Mexicans have taken United States President Donald Trump to the cleaners on NAFTA, the newly agreed-to United States-Mexico-Canada Agreement, or USMCA. That is what the president calls it instead of NAFTA 2.0, which it is.
Certainly there was some tinkering but stipulating higher North American content in imported vehicles from Mexico and Canada helps those countries more than it helps the U.S. Higher North American content, from 62.5% to 75%, is not a big deal. Canada, for example, makes far more parts than exportable automobiles.
Providing Trump-insisted-upon manufacturing caps on parts and autos themselves means little when those caps are far above current or projected sales of those items to U.S. customers. No matter what the caps are, small cars like Nissan’s Versa and Sentra will still be 100%manufactured in Mexico because of costs, costs that are too high in the U.S.
In reality it means that more foreign companies, like Michelin, will build larger factories in Mexico to supply the market in which nascent Chinese car makers now producing a handful of cars in Mexico.
We don’t know yet what the details of the new agreement are but we know that the Trump demand that a five-year “sunset” provision be used in the “new” agreement was junked by Mexico and Canada and didn’t survive the negotiations.
No savvy business person or analyst can figure exactly what Trump had in mind when he demanded a five-year “sunset” provision because no business executive in his or her right mind would ever consider such an onerous provision. Why? Because it takes more than a year to build a factory, for example, sometimes two or three.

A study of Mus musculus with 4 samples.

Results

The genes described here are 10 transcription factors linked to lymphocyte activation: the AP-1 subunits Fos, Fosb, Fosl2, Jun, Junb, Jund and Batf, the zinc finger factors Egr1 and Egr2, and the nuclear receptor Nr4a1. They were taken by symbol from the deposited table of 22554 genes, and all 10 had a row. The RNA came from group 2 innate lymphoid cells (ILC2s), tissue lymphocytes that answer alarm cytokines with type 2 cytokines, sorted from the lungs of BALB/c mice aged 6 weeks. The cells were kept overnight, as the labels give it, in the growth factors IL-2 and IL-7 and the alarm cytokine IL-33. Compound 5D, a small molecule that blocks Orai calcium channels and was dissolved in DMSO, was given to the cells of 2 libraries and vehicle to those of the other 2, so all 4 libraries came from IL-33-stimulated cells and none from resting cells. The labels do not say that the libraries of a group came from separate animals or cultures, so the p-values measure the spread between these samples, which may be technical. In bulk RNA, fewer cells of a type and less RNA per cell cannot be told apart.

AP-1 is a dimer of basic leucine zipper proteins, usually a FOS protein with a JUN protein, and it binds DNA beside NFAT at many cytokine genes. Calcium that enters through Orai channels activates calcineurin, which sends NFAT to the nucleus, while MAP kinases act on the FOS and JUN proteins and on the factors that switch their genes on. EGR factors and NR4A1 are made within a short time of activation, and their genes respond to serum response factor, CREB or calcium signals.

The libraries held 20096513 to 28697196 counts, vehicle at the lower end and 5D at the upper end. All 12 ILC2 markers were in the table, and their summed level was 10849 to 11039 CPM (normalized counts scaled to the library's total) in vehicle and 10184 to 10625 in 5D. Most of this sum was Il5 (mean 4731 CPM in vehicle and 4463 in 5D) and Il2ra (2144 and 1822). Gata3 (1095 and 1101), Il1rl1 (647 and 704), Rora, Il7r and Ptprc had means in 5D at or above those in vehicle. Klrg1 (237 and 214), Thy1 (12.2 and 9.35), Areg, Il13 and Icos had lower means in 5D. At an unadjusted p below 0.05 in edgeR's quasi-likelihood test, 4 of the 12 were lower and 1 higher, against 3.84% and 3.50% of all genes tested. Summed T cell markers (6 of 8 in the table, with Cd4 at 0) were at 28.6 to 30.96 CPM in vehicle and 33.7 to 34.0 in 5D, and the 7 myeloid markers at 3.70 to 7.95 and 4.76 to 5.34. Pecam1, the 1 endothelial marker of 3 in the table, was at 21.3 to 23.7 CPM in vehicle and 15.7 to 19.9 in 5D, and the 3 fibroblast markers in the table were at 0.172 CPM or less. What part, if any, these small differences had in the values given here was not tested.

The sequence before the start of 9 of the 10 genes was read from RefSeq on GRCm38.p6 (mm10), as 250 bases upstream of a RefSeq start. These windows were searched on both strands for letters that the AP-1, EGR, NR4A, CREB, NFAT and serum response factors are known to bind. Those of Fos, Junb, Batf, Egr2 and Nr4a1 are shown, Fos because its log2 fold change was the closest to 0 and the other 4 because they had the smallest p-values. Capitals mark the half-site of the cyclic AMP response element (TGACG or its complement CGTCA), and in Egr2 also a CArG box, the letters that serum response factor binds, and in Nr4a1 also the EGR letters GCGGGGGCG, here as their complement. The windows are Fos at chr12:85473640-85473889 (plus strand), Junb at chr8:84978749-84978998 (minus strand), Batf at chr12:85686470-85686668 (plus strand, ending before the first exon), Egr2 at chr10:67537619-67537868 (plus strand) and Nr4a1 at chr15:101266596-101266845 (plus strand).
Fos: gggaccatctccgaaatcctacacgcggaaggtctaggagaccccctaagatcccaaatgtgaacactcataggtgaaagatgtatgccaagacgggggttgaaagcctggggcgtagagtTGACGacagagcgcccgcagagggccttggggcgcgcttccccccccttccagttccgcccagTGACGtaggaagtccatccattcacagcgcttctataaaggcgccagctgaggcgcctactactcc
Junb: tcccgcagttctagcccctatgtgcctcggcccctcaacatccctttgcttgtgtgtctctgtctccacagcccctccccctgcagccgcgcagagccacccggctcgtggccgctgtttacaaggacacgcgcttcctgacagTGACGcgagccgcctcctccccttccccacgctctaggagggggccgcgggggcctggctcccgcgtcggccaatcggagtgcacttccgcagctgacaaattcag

Business planning, therefore, has to cover long periods of time; using a five-year measuring period simply does not work in business, in manufacturing especially.
BMW’s largest factory in the world is not in Germany, it is in South Carolina. Does President Trump think that the planning, construction and employee training of that factory (plus full-blast manufacturing) could be done in a short five-year period?
The “Trump sunset provision” of an agreement with Mexico and Canada never stood a chance of being approved by anyone with a brain. So goal for Mexico and to a lesser extent Canada.
Mexico can thank President Trump for more new job creation as companies will flood into Mexico to build new facilities to build air bags, alternators, car radios and computer gear, windshields, windshield wipers, bumpers, etc., etc.
Most of Mexican-made or assembled goods that are exported are exported to the United States as is the case with food products; Canada too. So, no matter what claims the president made about NAFTA being the worst agreement in history the three countries’ trade amounted to over a trillion dollars in 2017.
Moreover, Mexico alone, with 124 million people, buys more from the U.S. than all of Europe (with 500 million people) and all of China (with over a billion people).
Any comments made by President Trump about Mexico ripping off the United States were untrue. How, for example, can a country one-third the size of the U.S. buy as much from the U.S. as the U.S. does from Mexico?
In the final analysis, Mexico wins, Trump and Canada tie. Nobel Prize winner and New York Times economics commentator Paul Krugman says, “My original prediction on Trump/NAFTA was that we would end up making some minor changes to the agreement, Trump would declare victory, and we’d move on. That’s what seems to have happened.”
That, Dr. Krugman, is being charitable.
Gooooaaaallll! Mexico 1, President Trump, 0.
Raoul Lowery Contreras is the author of The Armenian Lobby & U.S. Foreign Policy,The Mexican Border: Immigration, War and a Trillion Dollars in Trade and White Anglo-Saxon Protestants (WASPs) & Mexicans (to be released November 1).